Campanula cordifolia Vuk.
Campanula dasycarpa Schur
Campanula hendersonii auct.
Campanula oreophila Schur
Campanula turbinata Schott, Nyman & Kotschy
Neocodon carpaticus (Jacq.) Kolak. & Serdyuk.
Common Name: Tussock Bellflower
Campanula carpatica is a perennial plant that, in mild winter area, retains a carpet of basal leaves all year round. It typically forms low-growing clumps of spreading basal foliage from which arise erect, branching, flowering stems 15 - 70cm tall[
The plant is often grown as an ornamental, where it can be used to make a gound cover. The flowers and leaves can be eaten.
Europe - southeastern Poland, Slovakia, Ukraine, Romania
Limestone cliffs in the upper mountain zone of the Carpathian mountains[
|Other Uses Rating||
|Pollinators||Bees, Flies, Beetles, Lepidoptera, Self
|Cultivation Status||Ornamental, Wild
Campanula carpatica is very cold tolerant, able to withstand winter temperatures down to at least -2°c[
Prefers a moist but well-drained rich sandy loam and a neutral or alkaline soil in a sunny position though it also tolerates partial shade[
]. A very easy species to grow, it will tolerate almost any soil or situation though it prefers the fullest amount of sun[
]. In hot summer climates the plant appreciates some shade from the hottest sun[
]. Plants grow well on a sunny wall so long as the roots have soil to grow into[
A very free-flowering plant, indeed it has one of the longest flowering periods of any species in this genus[
]. If the plant is cut back as the flowers fade, it will usually produce a second flush of flowers later in the season[
The species in this genus do not often hybridize and so seed can generally be relied upon to come true[
]. This species, however, especially under garden conditions, is more likely to produce hybrids than most other members of the genus[
The plants are self-fertile[
In the garden, clumps need frequent division (every 2 years) in order to remain vigorous[
A very variable species in the wild[
]. There are many named varieties selected for their ornamental value[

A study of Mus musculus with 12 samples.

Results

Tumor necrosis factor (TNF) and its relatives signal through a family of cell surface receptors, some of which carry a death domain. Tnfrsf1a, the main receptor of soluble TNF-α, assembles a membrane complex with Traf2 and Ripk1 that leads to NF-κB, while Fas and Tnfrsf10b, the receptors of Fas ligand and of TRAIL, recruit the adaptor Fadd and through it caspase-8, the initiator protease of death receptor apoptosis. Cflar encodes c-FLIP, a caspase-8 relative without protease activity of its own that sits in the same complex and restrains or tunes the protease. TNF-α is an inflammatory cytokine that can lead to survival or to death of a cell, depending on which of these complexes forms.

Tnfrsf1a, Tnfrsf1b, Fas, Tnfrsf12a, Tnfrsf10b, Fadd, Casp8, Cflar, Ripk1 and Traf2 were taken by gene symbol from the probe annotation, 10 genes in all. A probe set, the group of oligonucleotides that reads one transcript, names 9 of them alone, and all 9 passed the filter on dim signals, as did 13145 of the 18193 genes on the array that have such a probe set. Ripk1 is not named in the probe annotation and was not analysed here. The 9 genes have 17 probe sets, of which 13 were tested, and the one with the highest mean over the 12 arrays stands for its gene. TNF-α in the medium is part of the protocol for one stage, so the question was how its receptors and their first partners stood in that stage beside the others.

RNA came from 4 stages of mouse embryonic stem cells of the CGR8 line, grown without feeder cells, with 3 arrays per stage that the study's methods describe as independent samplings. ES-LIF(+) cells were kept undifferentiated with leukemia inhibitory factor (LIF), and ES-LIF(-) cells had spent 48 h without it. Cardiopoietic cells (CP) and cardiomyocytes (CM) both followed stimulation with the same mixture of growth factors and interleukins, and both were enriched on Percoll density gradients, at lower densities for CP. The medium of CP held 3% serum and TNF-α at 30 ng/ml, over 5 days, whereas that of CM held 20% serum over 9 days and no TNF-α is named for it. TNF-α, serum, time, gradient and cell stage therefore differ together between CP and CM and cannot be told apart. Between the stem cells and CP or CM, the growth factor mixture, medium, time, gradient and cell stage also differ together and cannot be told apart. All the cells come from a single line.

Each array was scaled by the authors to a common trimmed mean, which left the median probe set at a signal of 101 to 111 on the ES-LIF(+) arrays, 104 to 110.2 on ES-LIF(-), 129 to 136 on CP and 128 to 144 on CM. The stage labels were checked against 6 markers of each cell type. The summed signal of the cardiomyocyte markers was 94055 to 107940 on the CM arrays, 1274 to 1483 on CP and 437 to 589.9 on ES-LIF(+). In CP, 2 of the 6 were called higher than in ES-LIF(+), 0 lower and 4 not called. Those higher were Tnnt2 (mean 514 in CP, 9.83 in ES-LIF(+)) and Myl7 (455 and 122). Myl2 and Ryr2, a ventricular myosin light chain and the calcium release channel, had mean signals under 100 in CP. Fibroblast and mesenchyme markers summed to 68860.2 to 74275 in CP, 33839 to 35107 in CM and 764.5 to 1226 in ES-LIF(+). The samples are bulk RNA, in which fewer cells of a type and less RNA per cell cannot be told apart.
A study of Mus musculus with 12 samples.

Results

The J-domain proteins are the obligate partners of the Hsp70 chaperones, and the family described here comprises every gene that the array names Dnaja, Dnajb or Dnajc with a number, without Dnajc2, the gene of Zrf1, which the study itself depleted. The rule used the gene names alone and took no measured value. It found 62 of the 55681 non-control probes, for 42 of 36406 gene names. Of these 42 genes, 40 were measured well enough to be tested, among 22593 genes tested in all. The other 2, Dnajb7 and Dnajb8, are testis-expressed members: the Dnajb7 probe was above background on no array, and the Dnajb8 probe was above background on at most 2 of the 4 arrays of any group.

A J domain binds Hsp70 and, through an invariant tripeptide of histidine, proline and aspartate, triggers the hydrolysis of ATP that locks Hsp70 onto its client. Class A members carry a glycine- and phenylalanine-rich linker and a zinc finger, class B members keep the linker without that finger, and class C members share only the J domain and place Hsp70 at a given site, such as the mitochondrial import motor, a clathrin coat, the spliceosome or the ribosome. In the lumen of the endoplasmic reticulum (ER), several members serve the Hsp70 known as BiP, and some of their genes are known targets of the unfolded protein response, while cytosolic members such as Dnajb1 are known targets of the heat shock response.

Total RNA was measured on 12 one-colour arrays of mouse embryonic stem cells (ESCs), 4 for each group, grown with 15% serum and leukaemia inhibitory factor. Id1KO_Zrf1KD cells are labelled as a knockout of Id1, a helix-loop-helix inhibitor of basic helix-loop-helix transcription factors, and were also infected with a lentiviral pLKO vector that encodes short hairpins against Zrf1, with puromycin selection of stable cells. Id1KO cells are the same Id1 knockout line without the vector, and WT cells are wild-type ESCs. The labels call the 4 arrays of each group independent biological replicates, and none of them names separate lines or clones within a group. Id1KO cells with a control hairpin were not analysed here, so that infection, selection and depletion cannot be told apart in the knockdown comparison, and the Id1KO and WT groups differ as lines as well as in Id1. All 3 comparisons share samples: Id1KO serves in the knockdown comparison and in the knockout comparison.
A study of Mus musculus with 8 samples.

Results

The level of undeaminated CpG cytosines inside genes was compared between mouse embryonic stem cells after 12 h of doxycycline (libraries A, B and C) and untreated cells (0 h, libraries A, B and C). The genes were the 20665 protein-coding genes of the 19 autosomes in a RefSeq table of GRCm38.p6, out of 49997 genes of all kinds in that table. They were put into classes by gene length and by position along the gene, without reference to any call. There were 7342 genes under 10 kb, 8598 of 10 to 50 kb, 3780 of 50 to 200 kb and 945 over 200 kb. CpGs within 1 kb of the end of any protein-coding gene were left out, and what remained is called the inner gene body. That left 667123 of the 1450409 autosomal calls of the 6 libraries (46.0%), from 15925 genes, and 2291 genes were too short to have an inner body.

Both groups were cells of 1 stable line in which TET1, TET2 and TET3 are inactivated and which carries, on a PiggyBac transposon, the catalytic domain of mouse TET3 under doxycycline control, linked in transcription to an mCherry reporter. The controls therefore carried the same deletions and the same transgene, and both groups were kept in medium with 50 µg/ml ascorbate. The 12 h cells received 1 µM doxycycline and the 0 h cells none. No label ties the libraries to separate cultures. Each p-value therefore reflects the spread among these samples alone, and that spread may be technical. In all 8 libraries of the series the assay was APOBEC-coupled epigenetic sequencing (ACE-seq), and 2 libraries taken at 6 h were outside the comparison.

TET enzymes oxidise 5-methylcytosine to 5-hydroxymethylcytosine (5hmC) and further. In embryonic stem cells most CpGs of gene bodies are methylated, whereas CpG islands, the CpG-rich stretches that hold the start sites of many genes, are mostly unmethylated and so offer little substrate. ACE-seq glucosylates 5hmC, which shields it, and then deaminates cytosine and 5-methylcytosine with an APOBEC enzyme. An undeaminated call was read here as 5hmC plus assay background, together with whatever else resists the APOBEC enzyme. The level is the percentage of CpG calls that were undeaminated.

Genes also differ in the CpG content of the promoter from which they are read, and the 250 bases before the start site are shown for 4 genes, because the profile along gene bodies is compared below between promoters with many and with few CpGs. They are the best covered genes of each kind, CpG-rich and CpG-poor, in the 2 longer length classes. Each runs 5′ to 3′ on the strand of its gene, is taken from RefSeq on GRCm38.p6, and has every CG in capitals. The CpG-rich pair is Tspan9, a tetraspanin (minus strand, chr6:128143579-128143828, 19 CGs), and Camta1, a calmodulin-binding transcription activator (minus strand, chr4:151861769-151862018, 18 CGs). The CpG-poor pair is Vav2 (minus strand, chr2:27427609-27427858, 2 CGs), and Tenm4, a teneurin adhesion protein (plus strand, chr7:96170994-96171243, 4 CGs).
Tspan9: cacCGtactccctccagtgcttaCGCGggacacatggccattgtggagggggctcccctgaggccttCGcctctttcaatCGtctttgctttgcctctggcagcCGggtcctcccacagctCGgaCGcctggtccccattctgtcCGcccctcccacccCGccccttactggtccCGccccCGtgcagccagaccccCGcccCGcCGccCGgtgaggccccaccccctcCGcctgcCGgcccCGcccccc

]. 'Chewton Joy' has pleasantly flavoured leaves[
]. 'Wheatley Violet' has somewhat hairy leaves with a pleasant sweetness[
Members of this genus are rarely if ever troubled by browsing deer[
Leaves - raw or cooked. A pleasant flavour, they are slightly sweet but unless they are very young, they are a little bit chewy when eaten raw[
Flowers - raw or cooked. Slightly sweet, they make a very pleasant and decorative addition to the salad bowl[
Plants make a good ground cover when planted about 30cm apart each way, forming a spreading clump[
Seed - surface sow spring in a cold frame. Seed usually germinates in 2 - 4 weeks at 18°c. Very easy from seed[
]. When they are large enough to handle, prick the seedlings out into individual pots and grow them on in a cold frame for at least their first winter. Plant them out into their permanent positions in late spring or early summer, after the last expected frosts.
Basal cuttings in spring. Harvest the shoots when they are about 10 - 15cm long with plenty of underground stem. Pot them up into individual pots and keep them in light shade in a cold frame or greenhouse until they are rooting well. Plant them out in the summer.
Division in spring or autumn. Very easy[
], larger clumps can be replanted direct into their permanent positions, though it is best to pot up smaller clumps and grow them on in a cold frame until they are rooting well. Plant them out in the summer or following spring.